Danish athletics: on track for future success or forever in the shadow of football?

Dansk Atletik Forbund predicted a Rio athletics medal back in 2011, but was it just a lucky punt?

It’s been 116 years since a Danish-born track athlete medalled at the Olympics (photo Danmark til OL – Lars Møller)
August 19th, 2016 3:34 pm| by Ben Hamilton

To borrow a Barack Obama expression for a moment, Denmark has always punched ‘above its weight’ in football.

It’s telling that in western Europe the five nations with populations exceeding 50 million have all won the World Cup, and every nation with a population below hasn’t.

It puts into context the achievement of a country of 5.5 million people winning that continent’s biggest football tournament in 1992.

Forget about Greece (11.0 million) winning Euro 2004, only Uruguay (3.4 million, two World Cups, a record 15 Copa Americas) outpunches Denmark in football’s flyweight division.

Sailing, yes, cycling, yes, athletics, err … not yet
But maybe, it’s too early to start saying the same thing about sport in general, even though four medals on Thursday has pushed it up into fifth place on the 2016 Olympic per capita medal table.

READ MORE: Denmark among leading per capita medal winners in Rio

Denmark has always been good at sailing (28 medals in total, 6th on the all-time list), cycling (23, 9th) and rowing (22, 14th), but in athletics it has always struggled so it might be a little too early to start getting carried away by the performance of Sara Slott Petersen, who last night took silver in the 400m hurdles.

READ MORE: It’s raining Danish medals in Rio

A prescient prediction
Then again, the Dansk Atletik Forbund (DAF), the country’s athletics federation, did tell CPH POST back in 2011 that an improvement was in store.

Jakob Larsen, its director general, presciently said the federation’s target was medals in Rio. At the time he put Denmark’s lack of success in athletics down to the nation liking to play.

“I think team sports are more popular in Denmark because it’s part sport, part playtime,” he said.

“There’s nothing playful about running 10 miles or being a boxer. I guess Danes like to play.”

Schools partly to blame
And Danish schools don’t pull their weight either, revealed Larsen. After all, the sight of a summer sports day is a rare one in this country. Back in 2011, only 6,000 children in Denmark participated in athletics, compared to 80,000 in Sweden and 40,000 in Norway.

“In fact schools are supposed to teach athletics,” he said.

“But the teachers often lack the skills, which makes them avoid it. It’s not that easy to do high jump with 25 children if you have no clue about the sport. Whereas a ball can be used in a multitude of ways.”

And football’s riches too
Denmark’s lack of success at athletics over the years (see factbox) – discounting Wilson Kipketer who only became a Danish citizen in his early 20s – has been more than made up for success in other sports.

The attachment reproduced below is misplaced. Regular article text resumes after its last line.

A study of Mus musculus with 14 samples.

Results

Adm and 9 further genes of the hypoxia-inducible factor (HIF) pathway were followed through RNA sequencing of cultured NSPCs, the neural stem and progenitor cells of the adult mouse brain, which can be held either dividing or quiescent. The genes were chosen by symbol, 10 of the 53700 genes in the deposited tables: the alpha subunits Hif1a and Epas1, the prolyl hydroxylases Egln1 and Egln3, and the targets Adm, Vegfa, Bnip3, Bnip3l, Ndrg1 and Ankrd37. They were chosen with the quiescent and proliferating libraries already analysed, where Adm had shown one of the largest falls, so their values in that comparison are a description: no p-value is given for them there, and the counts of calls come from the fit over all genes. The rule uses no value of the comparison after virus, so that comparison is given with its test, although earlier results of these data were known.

And they have a detrimental effect on the athletics participation rate, moaned Larsen.

“There’s no real reason to pursue a career in international athletics – at least not a financial reason. It’s simply not worth the investment when the chance for success is so much bigger in other walks of life,” he said.

“The ones who choose it do so because they like having sole responsibility for both success and failure. There are no excuses and no-one to share the glory – it’s up to you and you alone.”

Everything you need to know about Danish athletics

– Sara Slott Petersen, the reigning European champion, is the first ever Danish woman to ever win an Olympic medal in track athletics

– Petersen is the first Danish woman to win an athletics track and field medal since Lily Carlstedt’s bronze in the javelin at the 1948 Olympics

– Discounting the Kenyan-born 800-metre runner Wilson Kipketer, she is the first Dane to medal on the track since Ernst Schultz’s bronze in the 400 metres in Paris in 1900

– Denmark has never won an Olympic gold in athletics.

– In total Denmark has won just seven medals: three silvers and four bronzes.

– Denmark failed to win a single medal between 1952 and 1996.

– The 2004 Olympics produced two medals: Wilson Kipketer’s silver in the 800m and Joachim B Olsen’s bronze in the shot put.

– At the World Athletics Championship, which started in 1983, beyond Wilson Kipketer’s three golds, it has won just one bronze: Renata Nielsen in the long jump in 1993.

– In the history of the European Athletics Championship, which started in 1934, Denmark has only ever won four golds.

– Not including Wilson Kipketer’s gold in 2002 and Sara Slott Petersen’s last month, Denmark’s last gold at the European Championship was in 1974, and in the following 40 years it won just three medals: two in the shot put and a silver in the 800 metres through Andreas Bube in 2012.

– As of 2011, on the European all-time top 30 rankings lists, only five Danes feature: Kipketer, Olsen, middle-distance runner Robert Andersen (twice) and javelin thrower Christina Scherwin. Sweden had 29 entries, Finland 28 and Norway 24.